After an EICR inspection takes place in your rental or commercial property, you will receive a copy of the EICR report.
This report will advise if your inspection was ‘satisfactory’ or ‘unsatisfactory’.
There are four EICR codes you need to be aware of, and this article will explain what these EICR observation codes mean.
C1 – Danger Present. Risk of Injury. Immediate remedial action required
This is the most high-priority code used in an EICR inspection. This means there is a risk of electric shock or fire if the issue is not made safe as soon as possible.
An example of a C1 code could be the exposure of live electrical parts, deteriorated insulation, or broken light switches/plug sockets.
To resolve a C1 code, the issue will either need to be repaired or the relevant part/circuit isolated and taken out of use.
C2 – Potentially dangerous – urgent remedial action required
This means that this fault is not immediately dangerous in the same way as a C1 code is, but it could quickly become a hazard in the future.
An example of a C2 code could be the absence of mains-protected bonding or earthing, or an RCD that does not trip when tested.
C3 – Improvement recommended
This means that this part of the installation is not in line with the wiring regulations, but it does not present any immediate danger. Alternatively, improving it would enhance the safety of the electrical installation.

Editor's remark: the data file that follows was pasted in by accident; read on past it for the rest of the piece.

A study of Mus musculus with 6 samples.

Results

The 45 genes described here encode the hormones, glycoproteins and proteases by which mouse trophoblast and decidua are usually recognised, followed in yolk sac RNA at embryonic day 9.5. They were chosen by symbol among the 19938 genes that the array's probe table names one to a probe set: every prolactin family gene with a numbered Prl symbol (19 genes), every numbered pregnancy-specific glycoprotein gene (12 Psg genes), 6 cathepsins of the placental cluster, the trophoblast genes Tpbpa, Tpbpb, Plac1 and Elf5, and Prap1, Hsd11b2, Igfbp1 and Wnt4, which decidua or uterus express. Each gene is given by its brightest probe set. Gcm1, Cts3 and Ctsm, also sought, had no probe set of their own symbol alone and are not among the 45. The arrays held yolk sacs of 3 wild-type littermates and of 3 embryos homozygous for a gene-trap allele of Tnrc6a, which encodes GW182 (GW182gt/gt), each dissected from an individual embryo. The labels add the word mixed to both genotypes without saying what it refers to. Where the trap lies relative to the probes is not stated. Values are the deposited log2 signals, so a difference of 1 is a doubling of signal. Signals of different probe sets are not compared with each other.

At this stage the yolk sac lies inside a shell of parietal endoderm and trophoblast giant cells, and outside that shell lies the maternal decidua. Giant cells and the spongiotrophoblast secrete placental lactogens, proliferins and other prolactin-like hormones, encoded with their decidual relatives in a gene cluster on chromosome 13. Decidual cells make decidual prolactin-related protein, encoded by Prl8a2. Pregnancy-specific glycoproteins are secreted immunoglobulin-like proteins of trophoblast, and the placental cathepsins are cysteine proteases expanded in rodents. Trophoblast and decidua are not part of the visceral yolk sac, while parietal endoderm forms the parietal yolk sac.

An example of a C3 code could be the location of a plug socket which could potentially cause damage to a plug or flex.
Think of this code like an ‘advisory note’ on an MOT. You don’t have to get it fixed, but it is recommended you do.
FI – Further investigation required without delay
This code means that the electrical engineer has identified an issue, but they need more time to investigate it.
When they do this, they will be able to determine the severity of the issue.
What codes mean an EICR inspection is unsatisfactory?
If the inspection was unsatisfactory, this means that C1 or C2 work needs to be done, or FI codes need to be looked at in more detail.
What fault codes on an EICR prevent a new tenancy?
If you are getting an EICR inspection for a rental property, it’s essential to make sure any C1, C2 and F1 issues are fixed before a new tenant moves in.
C3 issues don’t need to be fixed for a tenant to move in, but it’s always good to get them checked out before they cause bigger problems.
Hawkesworth: providing EICR inspections across the country
If you need someone to carry out an EICR inspection, Hawkesworth can help. We are one of the leading EICR providers across the UK and Ireland. Whether you need EICR for a commercial or rental property, our skilled engineers will keep you safe and compliant.